On Tuesday morning, the Knesset's Foreign Affairs and Defense Committee discussed the use of Shabak tracking of those identified as carriers of the newly identified "Omicron" strain of the coronavirus.
During the discussion, it emerged that tracking has already been activated on 13 people, 2 of whom have been determined as infected with the Omicron variant with certainty; the other 11 are considered infected "with a high level of suspicion."
The head of public health services, Dr. Sharon Alroy-Preis, called the tracking an "important tool."
"During our own investigations, we reached 186 contacts while tracing the 13 people suspected of being infected with the variant - and thanks to the Shabak, another 42 were added. We see that this is a complementary and important tool," she said.
"We are working specifically to prevent morbidity from the Omicron variant," Alroy-Preis said, adding, "When the number of verified cases with the new strain exceeds a certain threshold and there is community-wide infection, there will no longer be any point in continuing to use this tool."
Also present during the discussion was the deputy Attorney-General, Raz Nizri, who said that the use of Shabak tracking is "a very problematic and complex legal issue.
"In a democratic state, the Shabak is not supposed to act against civilians at all, except in cases of terrorism, but every rule has an exception and that is the event we are in at the moment," he said.
Nizri added: "During Shabbat we were approached for immediate approval and I explained that it was not possible to start immediately as the government would need to approve it."
MK Emilie Moatti (Labor) then asked: "If I get sick with COVID, then does that mean that all the members of the Foreign Affairs and Defense Committee are going to be tracked by the Shabak?"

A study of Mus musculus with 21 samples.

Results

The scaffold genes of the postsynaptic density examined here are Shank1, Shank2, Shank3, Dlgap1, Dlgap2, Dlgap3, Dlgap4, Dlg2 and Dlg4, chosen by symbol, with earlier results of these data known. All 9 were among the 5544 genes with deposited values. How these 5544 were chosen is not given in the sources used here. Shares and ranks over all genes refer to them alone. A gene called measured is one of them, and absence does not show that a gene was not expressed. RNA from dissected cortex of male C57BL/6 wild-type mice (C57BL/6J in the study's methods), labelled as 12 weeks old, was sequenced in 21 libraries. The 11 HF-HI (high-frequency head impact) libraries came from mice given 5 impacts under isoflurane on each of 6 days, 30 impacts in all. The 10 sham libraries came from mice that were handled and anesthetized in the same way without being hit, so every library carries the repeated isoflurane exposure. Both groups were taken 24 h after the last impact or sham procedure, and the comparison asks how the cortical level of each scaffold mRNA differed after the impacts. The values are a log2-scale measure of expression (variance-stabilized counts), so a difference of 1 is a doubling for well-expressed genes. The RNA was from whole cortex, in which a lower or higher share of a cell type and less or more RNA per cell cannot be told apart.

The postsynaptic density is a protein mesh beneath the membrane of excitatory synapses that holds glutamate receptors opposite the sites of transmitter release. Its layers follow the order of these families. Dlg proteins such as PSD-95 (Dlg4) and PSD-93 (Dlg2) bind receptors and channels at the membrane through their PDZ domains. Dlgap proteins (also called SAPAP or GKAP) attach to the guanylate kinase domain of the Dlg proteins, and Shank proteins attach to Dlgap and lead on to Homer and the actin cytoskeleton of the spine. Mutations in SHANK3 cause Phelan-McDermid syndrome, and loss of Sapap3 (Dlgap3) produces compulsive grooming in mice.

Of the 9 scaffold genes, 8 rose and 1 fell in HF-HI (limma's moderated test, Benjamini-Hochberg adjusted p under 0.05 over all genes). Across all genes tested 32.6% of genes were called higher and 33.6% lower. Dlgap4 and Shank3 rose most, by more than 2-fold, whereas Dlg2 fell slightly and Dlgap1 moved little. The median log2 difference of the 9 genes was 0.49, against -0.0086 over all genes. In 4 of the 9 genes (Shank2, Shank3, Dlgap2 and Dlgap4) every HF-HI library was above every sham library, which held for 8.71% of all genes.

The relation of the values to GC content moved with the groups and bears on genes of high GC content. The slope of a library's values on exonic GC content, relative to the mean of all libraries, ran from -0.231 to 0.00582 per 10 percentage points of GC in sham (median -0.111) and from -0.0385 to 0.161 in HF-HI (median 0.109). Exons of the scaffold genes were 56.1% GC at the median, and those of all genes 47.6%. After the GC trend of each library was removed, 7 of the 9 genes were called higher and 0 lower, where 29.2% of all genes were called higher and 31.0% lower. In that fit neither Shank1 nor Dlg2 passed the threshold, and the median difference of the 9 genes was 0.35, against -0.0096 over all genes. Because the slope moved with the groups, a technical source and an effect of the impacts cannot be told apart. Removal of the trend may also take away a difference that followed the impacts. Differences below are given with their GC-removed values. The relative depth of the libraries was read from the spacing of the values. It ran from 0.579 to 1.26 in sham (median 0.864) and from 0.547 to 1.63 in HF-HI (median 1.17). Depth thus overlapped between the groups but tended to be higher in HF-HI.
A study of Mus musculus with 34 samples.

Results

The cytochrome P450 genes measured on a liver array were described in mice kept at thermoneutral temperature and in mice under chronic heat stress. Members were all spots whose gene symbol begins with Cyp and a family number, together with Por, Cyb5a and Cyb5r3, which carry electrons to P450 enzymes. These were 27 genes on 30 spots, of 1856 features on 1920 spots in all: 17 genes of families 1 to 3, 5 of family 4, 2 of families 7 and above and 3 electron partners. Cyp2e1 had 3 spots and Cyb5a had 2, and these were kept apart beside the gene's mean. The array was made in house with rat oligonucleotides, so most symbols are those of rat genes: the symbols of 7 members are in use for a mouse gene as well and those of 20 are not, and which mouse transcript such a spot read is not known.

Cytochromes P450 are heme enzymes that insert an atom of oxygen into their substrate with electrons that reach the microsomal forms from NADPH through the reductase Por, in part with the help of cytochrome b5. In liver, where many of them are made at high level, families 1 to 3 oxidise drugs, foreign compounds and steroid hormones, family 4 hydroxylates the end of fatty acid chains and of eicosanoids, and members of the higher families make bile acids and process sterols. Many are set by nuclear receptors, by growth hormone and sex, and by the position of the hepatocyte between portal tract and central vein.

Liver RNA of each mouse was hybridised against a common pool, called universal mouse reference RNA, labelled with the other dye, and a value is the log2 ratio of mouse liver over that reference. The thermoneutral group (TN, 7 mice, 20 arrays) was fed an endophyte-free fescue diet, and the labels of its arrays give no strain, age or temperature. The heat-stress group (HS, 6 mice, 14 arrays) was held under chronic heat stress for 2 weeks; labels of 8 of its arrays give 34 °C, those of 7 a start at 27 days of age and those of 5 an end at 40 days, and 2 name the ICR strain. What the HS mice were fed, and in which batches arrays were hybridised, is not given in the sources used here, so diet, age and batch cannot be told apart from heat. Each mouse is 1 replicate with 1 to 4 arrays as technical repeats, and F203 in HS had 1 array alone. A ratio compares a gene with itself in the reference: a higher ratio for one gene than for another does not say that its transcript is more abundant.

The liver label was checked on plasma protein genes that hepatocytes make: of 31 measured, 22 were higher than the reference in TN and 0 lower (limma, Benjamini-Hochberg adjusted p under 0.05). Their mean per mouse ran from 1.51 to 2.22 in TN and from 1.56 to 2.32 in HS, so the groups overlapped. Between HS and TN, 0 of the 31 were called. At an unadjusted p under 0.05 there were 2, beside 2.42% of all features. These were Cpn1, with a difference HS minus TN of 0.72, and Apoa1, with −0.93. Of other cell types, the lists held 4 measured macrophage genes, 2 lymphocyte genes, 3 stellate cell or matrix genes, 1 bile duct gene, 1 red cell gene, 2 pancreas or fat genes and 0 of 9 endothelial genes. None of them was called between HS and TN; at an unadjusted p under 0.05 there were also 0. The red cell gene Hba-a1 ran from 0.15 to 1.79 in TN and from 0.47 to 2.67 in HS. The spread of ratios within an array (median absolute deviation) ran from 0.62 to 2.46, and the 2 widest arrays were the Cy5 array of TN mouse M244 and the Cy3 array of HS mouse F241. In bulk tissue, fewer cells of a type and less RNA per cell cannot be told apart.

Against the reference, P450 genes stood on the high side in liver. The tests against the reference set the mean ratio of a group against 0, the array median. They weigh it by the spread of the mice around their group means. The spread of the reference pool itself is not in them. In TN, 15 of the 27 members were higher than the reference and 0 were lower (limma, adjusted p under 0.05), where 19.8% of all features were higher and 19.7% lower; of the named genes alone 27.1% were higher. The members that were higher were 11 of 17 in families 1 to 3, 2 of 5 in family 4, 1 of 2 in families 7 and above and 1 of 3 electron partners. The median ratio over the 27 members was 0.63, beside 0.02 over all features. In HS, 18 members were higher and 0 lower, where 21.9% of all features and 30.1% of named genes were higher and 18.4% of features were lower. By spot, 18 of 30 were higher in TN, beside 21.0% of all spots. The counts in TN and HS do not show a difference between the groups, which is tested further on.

A representative of the Health Ministry replied: "Only if your infection is verified by a PCR test, and only if you are identified as carrying the Omicron strain. Currently, we know of 11 such people."
The committee's chairman, MK Ram Ben-Barak, asked: "Is anyone who was in the proximity of the PCR-verified person also going to be tested for infection? Will such people also be tracked by the Shabak?" A representative of the Health Ministry replied in the affirmative.
MK Meirav Ben-Ari (Yesh Atid) harshly criticized the use of the Shabak to track citizens: "Using Shabak tracking on civilians is draconian. What's the panic? We only have a few infections, so what's all the fuss about? To introduce such a law, which in my opinion is draconian, is not at all to my liking and I see no reason why in this day and age the Knesset needs to rush through such legislation."
Later during the discussion, deputy Attorney-General Raz Nizri explained that,"The civilian authorities have yet to invent an alternative technology, and the situation is that we have no other way to save lives other than via use of this Shabak tool. Therefore, legal approval has been granted."